Dow and Nasdaq close at record highs amid expectations for the Fed to lower rates

If you're look at price right now, it's impossible to be bearish: Josh Brown
If you're look at price, it's impossible to be bearish: Josh Brown

Stocks closed at record highs on Wednesday as investors bet on a potential rate cut from the Federal Reserve later this month after the release of weaker-than-expected economic data.

The Dow Jones Industrial Average gained 179.32 points to end the day at 26,966, notching intraday and closing all-time highs. The Nasdaq Composite advanced 0.7% to 8,170.23.

The  also rose 0.7% to 2,995.82 as the real estate and consumer sectors powered the broad index to record levels. Tech also boosted the index, rising 0.7% to a record high. The S&P 500 closed just 0.1% below 3,000.

"The first time we get there you'll probably see some profit-taking," said Scott Redler, partner with "If technology continues to be strong and the semiconductors get some kind of bounce, that could probably push the S&P 500 through it 3,000. It's good to see the FANG names show some power."

Shares of Facebook, Amazon, Netflix and Google-parent Alphabet all rose on Wednesday. The session ended at 1 p.m. ET due to the Fourth of July holiday.

Private payrolls in the U.S. increased by 102,000 in June, ADP and Moody's Analytics said. Economists polled by Dow Jones expected growth of 135,000.

The disappointing data strengthens the Fed's case for lowering rates at its monetary policy meeting at the end of July. Last month, the central bank opened the door to easier monetary policy by stating it will "act as appropriate" to maintain the current economic expansion.

Traders work on the floor of the New York Stock Exchange.
Lucas Jackson | Reuters

"As you look around the globe, general business indicators are showing some slowing and it seems like now we're starting to see a bit of slowing in the United States," said Scott Colyer, chief investment officer at Advisors Asset Management. But "in this recovery we have a very involved central bank, and really global central banks, applying quantitative easing."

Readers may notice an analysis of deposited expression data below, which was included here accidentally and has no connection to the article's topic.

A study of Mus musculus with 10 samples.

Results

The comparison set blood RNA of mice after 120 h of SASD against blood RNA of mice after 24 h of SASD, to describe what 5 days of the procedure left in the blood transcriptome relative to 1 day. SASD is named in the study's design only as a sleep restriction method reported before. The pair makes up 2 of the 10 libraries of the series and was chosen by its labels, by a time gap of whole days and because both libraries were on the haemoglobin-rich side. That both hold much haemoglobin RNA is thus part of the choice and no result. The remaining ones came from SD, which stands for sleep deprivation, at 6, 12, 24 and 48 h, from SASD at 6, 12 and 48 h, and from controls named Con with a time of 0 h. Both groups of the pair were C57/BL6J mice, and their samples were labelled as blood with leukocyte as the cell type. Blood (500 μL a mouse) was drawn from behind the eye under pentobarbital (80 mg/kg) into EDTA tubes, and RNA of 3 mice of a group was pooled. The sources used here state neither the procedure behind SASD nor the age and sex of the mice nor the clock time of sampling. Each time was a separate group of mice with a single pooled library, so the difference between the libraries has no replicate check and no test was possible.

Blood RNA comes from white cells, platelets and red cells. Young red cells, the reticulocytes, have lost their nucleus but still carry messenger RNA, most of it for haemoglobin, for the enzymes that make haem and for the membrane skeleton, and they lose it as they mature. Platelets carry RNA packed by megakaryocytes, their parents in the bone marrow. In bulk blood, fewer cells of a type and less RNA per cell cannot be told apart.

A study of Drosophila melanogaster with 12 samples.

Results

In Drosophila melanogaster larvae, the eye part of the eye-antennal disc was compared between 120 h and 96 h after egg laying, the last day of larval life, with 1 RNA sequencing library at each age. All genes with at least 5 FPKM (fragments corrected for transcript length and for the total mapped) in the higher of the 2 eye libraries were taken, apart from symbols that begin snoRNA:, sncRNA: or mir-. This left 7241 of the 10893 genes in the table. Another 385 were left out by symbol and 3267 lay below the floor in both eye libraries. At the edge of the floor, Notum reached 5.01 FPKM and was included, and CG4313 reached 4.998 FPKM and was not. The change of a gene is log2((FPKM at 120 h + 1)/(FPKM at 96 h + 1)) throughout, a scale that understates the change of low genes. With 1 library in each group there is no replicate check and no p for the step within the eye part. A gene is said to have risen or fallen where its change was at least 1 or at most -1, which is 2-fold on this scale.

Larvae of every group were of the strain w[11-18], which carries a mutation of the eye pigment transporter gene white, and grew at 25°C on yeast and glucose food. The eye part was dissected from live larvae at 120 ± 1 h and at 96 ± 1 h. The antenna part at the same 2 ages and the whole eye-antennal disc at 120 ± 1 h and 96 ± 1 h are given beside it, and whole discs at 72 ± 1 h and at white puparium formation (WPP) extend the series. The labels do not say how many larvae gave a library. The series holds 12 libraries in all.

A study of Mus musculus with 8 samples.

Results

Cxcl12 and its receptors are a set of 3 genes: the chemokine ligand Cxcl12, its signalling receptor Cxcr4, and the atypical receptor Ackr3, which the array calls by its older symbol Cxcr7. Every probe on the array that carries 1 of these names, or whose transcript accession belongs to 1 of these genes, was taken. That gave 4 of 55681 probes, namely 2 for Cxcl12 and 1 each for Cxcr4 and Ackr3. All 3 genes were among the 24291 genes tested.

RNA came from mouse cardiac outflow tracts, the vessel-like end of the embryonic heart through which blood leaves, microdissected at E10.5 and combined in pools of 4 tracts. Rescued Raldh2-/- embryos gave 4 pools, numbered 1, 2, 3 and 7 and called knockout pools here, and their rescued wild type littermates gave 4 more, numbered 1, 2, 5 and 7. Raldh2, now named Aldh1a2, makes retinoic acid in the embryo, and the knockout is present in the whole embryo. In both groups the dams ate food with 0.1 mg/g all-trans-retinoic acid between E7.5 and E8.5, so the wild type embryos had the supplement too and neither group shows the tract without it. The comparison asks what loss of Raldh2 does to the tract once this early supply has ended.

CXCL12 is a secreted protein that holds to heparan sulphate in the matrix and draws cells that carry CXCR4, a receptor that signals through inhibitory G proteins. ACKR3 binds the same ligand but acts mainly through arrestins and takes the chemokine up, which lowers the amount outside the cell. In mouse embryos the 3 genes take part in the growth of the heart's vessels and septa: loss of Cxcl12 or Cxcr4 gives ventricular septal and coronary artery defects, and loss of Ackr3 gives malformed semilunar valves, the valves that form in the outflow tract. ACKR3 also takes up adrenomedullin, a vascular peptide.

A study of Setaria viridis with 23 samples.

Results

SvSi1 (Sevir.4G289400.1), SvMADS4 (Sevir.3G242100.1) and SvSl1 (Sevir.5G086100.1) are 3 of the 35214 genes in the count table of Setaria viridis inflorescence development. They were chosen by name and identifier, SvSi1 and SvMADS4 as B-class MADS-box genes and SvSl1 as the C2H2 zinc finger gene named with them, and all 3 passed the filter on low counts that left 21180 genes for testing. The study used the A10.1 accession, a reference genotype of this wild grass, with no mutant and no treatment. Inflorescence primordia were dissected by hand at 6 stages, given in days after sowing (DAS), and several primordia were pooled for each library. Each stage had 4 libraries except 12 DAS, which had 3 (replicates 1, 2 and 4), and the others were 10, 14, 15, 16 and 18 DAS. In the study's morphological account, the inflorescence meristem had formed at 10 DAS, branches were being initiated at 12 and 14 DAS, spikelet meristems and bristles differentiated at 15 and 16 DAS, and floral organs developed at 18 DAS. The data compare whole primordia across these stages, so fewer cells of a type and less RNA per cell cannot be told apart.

"There's virtually 100% chance that the Fed will lower rates at the July meeting. I think the Fed will see the economic indicators in the United States are beginning to slow."

A tweet from President Donald Trump calling for easier monetary policy added to expectations of easier Fed policy. Trump said the U.S. should "match" monetary policies from China and Europe, noting they are "playing big currency manipulation game and pumping money into their system in order to compete with USA."


The U.S. dollar fell after Trump's tweet, but remained little changed on the day. The benchmark 10-year Treasury yield fell to its lowest level since 2016 on Wednesday, falling further below 2%.

Wall Street has been clamoring for lower rates after the Fed hiked four times in 2018. Tim Courtney, chief investment officer at Exencial Wealth Advisors, thinks investors should be careful with what they wish for.

"The market is a little bit optimistic, not only about a cut but what it represents," Courtney said. "I don't think the Fed wants to send a signal that things are weakening unless they really are."

Wall Street got off to a strong start this week following a trade truce between the two world's two largest economies. The S&P 500 is up more than 1% week to date and has posted back-to-back record closes.

The U.S. and China agreed to restart trade talks over the weekend, after President Donald Trump offered concessions — including no new charges and an easing of restrictions on tech company Huawei — to soothe tensions with Beijing.

However, the initial enthusiasm over the latest trade truce between Washington and Beijing has since been overtaken by intensifying concerns over the Trump administration's threat of tariffs on additional European goods.

The U.S. Trade Representative's office released a list of products — including olives, Italian cheese, and Scotch whiskey — that could be hit with new levies in addition to those introduced in April. It comes after the U.S. government threatened to impose tariffs on $4 billion worth of EU goods on Monday, as part of a long-running dispute over aircraft subsidies.

In corporate news, Tesla shares jumped more than 4% after the auto maker reported record delivery and production numbers. Meanwhile, Symantec surged 13.6% on news the company is in talks to be acquired by Broadcom. The two companies are targeting an announcement by mid-July.

—CNBC's Sam Meredith and Patti Domm contributed to this report.